How Do I Find a Career Mentor?

“I need to improve my life.”

This thought is one that all of us have from time to time. In the early months of each year, when we are all considering New Year’s resolutions and ways to improve ourselves, this thought is particularly common.

One way to improve your life that you might be considering is getting a new job. To want a better job and to get a better job, however, are two very different things. In this article, we’ll look at how finding a career mentor can help you to get a better job in 2015.

What Is a Career Mentor?

A career mentor is not necessarily a business or life coach whom you pay to give you good advice. The best mentor is someone who works in the field you’re already in or someone who works in a field you want to be in one day. Getting a mentor can be as simple as turning to someone with more experience in your workplace that you admire and asking them for help.

Overcoming the Fear of Asking for Help

Finding someone to mentor you as you grow within your career should not be a difficult or complicated process. The hardest part in getting a mentor is often asking for a mentor’s help in the first place.

Interestingly, many people love to give their advice for free when they are asked for it. When people ask others for their advice, the person who’s being asked often feels flattered that someone would turn to him or her with questions. Because the individual feels the respect and the admiration of the person asking the question, the prospective mentor is often glad to help. Almost everyone has a natural instinct to want to help other people.

Ironically, however, while almost all of us love being asked for our advice or our help, almost none of us actually like asking someone else for help. Fear of being rejected or judged stops us from asking. Additionally, asking for help or advice sometimes makes us feel like we are weak or incompetent, or makes us fear that we will be perceived that way by others. Therefore, it is more often our own fear of asking than a prospective mentor’s reluctance that stops us from getting the advice that we need for furthering our career.

How to Find the Right Mentor

When trying to determine who the right mentor is for you, start by researching the field you are in or the field you want to be in down the road. Learn “who’s who” within that field. Who are the most important players? Who has a particular specialty that you’re interested in learning more about? Who is most admired by their colleagues? Before making “the ask,” it’s important to find out the answers to these questions.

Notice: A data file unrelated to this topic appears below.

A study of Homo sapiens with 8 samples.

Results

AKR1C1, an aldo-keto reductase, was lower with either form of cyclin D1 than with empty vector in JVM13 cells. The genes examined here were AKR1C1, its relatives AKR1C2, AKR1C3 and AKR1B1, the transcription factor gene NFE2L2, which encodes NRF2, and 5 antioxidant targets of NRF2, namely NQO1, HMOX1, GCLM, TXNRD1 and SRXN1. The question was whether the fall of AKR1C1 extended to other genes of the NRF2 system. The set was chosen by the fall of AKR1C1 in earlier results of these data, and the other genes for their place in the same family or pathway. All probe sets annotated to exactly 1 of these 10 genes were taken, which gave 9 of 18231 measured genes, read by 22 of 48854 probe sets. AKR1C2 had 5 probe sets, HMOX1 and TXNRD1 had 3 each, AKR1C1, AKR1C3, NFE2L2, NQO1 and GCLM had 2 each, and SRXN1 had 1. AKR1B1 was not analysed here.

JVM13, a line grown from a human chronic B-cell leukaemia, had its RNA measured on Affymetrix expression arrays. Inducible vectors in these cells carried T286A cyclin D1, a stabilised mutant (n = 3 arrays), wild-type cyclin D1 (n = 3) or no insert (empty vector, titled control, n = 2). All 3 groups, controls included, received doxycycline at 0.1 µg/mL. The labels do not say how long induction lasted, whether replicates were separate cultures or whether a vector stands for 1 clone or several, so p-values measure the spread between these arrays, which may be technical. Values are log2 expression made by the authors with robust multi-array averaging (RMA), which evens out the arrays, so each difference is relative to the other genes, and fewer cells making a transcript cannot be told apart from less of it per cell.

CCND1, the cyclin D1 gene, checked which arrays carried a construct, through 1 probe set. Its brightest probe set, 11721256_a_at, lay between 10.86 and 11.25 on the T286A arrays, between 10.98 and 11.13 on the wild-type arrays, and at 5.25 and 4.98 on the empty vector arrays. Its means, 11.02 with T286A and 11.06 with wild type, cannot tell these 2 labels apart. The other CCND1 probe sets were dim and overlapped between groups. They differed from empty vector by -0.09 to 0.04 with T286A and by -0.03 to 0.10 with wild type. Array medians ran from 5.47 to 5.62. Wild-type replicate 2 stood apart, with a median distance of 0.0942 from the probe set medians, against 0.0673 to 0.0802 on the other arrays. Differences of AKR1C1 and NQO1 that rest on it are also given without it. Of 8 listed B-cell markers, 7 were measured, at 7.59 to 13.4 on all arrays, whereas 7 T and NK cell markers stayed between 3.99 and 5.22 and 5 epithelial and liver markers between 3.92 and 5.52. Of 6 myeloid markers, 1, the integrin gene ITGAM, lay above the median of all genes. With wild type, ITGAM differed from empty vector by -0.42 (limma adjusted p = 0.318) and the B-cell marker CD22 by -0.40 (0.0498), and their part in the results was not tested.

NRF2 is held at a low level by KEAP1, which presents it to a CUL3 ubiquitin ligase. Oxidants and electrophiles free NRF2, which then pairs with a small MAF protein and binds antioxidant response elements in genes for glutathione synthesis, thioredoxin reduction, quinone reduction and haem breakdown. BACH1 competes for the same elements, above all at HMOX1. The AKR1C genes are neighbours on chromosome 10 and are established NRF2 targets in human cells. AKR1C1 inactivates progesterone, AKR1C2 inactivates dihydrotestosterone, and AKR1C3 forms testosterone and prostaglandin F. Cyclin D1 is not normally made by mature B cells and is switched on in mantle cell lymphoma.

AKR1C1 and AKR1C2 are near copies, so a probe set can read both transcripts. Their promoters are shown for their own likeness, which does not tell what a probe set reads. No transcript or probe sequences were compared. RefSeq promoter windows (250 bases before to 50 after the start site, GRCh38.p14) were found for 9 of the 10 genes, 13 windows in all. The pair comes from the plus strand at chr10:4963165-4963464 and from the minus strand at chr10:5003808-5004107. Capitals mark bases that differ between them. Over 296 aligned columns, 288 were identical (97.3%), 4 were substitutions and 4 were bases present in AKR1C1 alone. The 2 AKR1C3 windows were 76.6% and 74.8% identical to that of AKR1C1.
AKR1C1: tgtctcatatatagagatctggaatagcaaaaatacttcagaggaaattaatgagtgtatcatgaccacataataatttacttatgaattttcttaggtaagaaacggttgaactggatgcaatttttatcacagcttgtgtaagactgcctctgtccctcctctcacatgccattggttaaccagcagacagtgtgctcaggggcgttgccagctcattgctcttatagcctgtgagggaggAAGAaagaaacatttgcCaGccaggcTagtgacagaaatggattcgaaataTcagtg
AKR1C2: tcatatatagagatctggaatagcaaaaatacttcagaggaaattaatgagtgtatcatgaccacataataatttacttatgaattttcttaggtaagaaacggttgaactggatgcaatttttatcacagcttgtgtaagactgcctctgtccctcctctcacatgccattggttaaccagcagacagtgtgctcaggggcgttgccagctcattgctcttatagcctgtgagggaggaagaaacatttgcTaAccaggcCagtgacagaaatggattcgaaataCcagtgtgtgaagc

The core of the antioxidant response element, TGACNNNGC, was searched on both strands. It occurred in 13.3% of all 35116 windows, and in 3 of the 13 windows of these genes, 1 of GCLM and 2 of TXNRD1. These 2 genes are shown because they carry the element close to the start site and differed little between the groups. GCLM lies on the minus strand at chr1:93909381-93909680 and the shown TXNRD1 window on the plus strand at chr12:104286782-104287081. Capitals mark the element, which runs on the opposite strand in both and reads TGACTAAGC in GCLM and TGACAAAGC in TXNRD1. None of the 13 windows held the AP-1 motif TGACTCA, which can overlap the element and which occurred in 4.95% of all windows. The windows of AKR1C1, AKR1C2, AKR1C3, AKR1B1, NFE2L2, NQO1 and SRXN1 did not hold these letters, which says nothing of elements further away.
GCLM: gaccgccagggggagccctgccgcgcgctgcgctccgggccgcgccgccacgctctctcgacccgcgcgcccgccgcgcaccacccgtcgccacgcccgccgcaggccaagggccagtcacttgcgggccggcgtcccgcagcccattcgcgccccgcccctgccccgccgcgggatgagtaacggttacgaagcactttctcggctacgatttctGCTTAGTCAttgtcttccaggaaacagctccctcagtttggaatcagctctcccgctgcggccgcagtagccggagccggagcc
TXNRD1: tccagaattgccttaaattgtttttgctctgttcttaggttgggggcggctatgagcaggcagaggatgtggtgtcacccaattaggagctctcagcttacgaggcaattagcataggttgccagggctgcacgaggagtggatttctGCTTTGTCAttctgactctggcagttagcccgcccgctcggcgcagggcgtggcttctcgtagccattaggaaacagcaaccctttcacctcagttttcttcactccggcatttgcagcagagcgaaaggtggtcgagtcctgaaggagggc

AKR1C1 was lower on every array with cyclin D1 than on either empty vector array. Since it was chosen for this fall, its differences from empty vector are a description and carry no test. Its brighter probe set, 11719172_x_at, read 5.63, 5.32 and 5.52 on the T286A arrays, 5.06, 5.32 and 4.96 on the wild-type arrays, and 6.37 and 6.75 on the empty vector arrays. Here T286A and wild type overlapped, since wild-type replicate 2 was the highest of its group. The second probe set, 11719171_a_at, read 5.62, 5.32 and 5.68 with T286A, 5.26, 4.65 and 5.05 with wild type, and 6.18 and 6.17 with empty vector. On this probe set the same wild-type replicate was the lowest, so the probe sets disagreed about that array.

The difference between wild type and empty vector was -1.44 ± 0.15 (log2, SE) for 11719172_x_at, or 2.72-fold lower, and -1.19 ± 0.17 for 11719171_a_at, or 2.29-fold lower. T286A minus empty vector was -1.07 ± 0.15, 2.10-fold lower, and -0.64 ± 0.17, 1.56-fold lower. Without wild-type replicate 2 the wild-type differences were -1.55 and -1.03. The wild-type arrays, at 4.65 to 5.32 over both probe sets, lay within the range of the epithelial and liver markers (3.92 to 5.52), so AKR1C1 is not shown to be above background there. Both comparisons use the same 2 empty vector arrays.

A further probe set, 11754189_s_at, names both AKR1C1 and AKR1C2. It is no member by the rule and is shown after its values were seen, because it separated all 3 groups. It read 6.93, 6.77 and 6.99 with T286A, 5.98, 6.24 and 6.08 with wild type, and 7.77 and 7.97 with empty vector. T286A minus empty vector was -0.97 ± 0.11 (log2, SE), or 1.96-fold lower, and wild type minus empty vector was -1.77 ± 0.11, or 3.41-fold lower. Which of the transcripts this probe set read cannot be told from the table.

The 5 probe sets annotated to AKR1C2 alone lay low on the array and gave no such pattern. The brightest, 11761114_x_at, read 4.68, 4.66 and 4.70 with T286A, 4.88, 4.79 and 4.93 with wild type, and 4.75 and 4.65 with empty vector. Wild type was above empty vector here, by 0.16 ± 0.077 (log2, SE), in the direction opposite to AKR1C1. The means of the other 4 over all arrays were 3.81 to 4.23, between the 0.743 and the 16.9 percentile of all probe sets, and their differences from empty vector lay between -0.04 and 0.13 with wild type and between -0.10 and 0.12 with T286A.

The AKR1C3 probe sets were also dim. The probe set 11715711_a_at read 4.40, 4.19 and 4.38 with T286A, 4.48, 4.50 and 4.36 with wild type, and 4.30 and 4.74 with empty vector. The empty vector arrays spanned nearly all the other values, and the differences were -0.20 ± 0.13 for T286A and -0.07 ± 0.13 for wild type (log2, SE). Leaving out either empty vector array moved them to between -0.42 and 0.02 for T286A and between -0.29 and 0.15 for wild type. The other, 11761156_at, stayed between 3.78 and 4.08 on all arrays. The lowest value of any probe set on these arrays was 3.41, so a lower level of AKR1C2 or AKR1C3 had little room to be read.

Once you know who you ideally want to learn from, start to form a relationship with him or her. Don’t be a “brown-noser,” but make an effort to get to know him and strike up an acquaintanceship with him. You don’t necessarily have to ask them, “Will you be my mentor?” Instead, just start to ask the questions you have in a natural way in the course of conversation over lunch or coffee. If the other person is receptive and helpful, you can continue to build a relationship with him over time.

Your Best Mentor Might Be Yourself

Robert Greene is the author of the book Mastery, which looks at the lives at some of the most successful masters in science, music, sports, the military and more. In it, Greene asks a simple question: “What leads a master to mastery?” One of his conclusions is that a master is someone who begins as a humble apprentice. From Benjamin Franklin to Albert Einstein, Greene explains how some of the most famous masters in history started off by creating for themselves a self-designed apprenticeship, in which they willingly spent time either learning from others or teaching themselves basic principles that would become the foundation for later greatness. They didn’t enroll in formal mentorship programs; they decided what they wanted to learn and set about finding the people, places and things that would be able to teach them.

Benjamin Franklin, for example, eschewed following his father’s footsteps into the candle-making business to work with his older brother in a printer’s shop. While at the printer’s shop, the young Franklin had the opportunity to read all of the newest ideas in politics and philosophy. His mentors became the writers whose works he was charged with proofreading.

Everyone Learns from Someone

Whether your mentors are found within library shelves or in your office’s break room, keep in mind that finding a method for furthering your education is a necessary part of both personal and career growth. In your quest to improve your life and your career in the upcoming year, start by asking yourself the same questions Franklin, Darwin and Einstein asked themselves: “What do I need to learn? Where or from whom can I learn it?” Once you’ve found an answer to that question, you are ready to seek out the mentors who will help you achieve your dreams.